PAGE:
Ruben Neves has finally landed in Riyadh to finalize his move to Saudi Pro League side Al-Hilal, and it is a move that seems to have attracted attention for one thing above all else: his age.
The Portuguese international is undoubtedly a massive talent in his own right but, in terms of profile, he is not quite in the same bracket as fellow Pro League players Cristiano Ronaldo or Karim Benzema. What he does have, though, is time on his side to reach that level.
Al-Nassr star Ronaldo and Al-Ittihad’s Benzema are highly decorated megastars of the game but, as we all know, they are in the twilight of their careers. Ronaldo is 38; an incredibly fit 38, certainly, but not even a specimen as fine as the Portuguese legend can play forever. Benzema, meanwhile, is 35.
This is only natural. When a league in a country outside of the traditional elite of world football — England, Spain, Germany, Italy and France — start to foster ambitions of attracting the best talent on the planet, the first to arrive are usually players in their 30s.
In the past, older stars were the ones more likely to come to this part of the world, perhaps because after successful careers in which they had won all there is to win, they were more open to new challenges and experiences.
The Saudi league has only just started to attract the attention of the rest of the world. It is going to take time for this global audience and players to become familiar with one another.
Yet there are signs that this might be happening relatively quickly, as the arrival of Neves at Al-Hilal shows. His is a different kind of signing, and not only because it is the first major deal for the club after they were banned from transfers during the past two windows.
It marks the arrival of a player who, at the age of only 26, is at the peak of his football powers, or approaching it.
The deal took a while to complete but was finally announced on Friday. Neves arrives from Wolverhampton Wanderers in the English Premier League and had attracted the attention of a number of clubs across Europe. He was strongly linked with a move to Barcelona, for example, but the Spanish champions were unable to come up with the funds to secure his signature. There was also reportedly interest from Manchester United and Liverpool, and for a few days it looked like Newcastle United, seeking to strengthen the squad for their long-awaited return to the UEFA Champions League, might step in.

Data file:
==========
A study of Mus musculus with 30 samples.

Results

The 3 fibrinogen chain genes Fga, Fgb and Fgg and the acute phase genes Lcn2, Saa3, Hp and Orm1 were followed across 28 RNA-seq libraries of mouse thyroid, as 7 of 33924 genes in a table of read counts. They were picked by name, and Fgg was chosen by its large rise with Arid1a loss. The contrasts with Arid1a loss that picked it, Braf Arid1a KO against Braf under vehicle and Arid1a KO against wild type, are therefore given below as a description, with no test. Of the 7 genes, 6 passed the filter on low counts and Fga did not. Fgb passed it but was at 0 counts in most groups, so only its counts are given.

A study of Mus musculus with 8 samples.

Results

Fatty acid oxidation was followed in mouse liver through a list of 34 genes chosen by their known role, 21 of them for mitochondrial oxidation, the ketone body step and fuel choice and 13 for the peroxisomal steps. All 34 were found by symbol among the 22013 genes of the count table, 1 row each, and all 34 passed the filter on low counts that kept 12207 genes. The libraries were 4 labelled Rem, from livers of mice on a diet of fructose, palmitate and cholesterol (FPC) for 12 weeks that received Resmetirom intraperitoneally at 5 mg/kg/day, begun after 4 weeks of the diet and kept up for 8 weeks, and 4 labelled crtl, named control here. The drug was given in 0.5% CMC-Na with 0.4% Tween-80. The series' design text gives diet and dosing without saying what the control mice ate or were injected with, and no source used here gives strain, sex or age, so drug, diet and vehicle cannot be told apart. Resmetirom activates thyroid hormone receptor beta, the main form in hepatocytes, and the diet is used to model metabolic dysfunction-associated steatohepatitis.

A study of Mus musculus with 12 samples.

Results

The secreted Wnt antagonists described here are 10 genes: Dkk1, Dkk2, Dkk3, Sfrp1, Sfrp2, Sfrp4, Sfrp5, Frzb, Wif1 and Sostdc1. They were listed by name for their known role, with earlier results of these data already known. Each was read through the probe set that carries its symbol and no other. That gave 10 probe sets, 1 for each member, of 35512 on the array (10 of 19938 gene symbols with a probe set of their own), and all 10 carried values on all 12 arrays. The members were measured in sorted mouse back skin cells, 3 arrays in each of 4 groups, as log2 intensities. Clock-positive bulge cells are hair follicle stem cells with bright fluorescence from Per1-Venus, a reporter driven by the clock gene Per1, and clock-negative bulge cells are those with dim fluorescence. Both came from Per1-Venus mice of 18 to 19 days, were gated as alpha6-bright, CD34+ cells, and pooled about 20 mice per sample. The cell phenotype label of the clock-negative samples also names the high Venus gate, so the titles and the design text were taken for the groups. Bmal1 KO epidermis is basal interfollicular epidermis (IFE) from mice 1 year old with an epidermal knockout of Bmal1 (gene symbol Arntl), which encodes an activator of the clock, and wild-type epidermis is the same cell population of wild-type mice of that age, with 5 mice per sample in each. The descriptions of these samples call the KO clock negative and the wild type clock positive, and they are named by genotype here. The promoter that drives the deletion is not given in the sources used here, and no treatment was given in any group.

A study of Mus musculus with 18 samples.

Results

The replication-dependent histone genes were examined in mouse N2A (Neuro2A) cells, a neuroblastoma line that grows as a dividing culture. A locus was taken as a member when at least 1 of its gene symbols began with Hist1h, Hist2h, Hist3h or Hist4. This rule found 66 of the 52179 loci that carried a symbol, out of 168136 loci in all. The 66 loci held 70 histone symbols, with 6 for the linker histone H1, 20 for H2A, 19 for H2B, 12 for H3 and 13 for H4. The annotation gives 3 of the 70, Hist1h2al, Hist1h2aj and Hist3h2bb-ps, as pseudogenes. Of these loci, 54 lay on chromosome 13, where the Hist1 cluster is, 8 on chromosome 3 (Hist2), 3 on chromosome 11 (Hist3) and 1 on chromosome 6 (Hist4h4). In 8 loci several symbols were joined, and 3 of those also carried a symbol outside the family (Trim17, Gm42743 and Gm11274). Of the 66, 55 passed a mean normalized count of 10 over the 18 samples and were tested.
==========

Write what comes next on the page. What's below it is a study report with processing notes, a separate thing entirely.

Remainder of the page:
All of this is understandable. The midfielder is a player whose best is yet to come. Therefore his signing is a statement by a team that not only want to get their domestic and continental titles back, but also to remind others that the Blues can flex their muscles in the international transfer market and can compete with the biggest clubs in the world.
“This doesn’t have the feel of MLS (Major League Soccer in the US) when that first came onto the scene, where it became almost like a retirement home for some of the best players,” former England goalkeeper Paul Robinson told the UK media.
“Look at Neves at 26; they (Saudi teams) are targeting players of a younger age. This isn’t just a jolly at the end of your career. They are looking at players in their prime and taking players to their league when they are at the best of their ability, which will strengthen their league and strengthen their credibility — which they have to do.
“Saudi Arabia are serious. This is not something that’s going to go away quickly. This is not a flash in the pan. This is a country that are extremely serious with their love for sport and their investment in sport, and they are attracting some of the world’s best talent. You can see that with Benzema and Ronaldo, and Neves now the latest acquisition.”
Neves also adds some more Portuguese flavor to the league. There is already, of course, Ronaldo playing for Al-Nassr in Riyadh, but Neves will also see an even more familiar face on at least two occasions next season: His former Wolverhampton Wanderers boss Nuno Santo, who is now manager of Al-Ittihad.
Neves has been playing in England since 2017 and established himself as a firm favorite among fans of Wolves. They were resigned to him leaving, though they might find it a little less painful to at least see him in the blue of Al-Hilal rather than in red and lining up against them for Liverpool or Man United.
This is a significant signing, and not just for Al-Hilal. The Saudi league is showing the world that it is an attractive destination for highly talented players. Saudi clubs are now serious participants in the international transfer market and are capable of beating big European clubs in the battle to sign stars that still have their best years ahead of them. Neves is the first. There are sure to be more to come.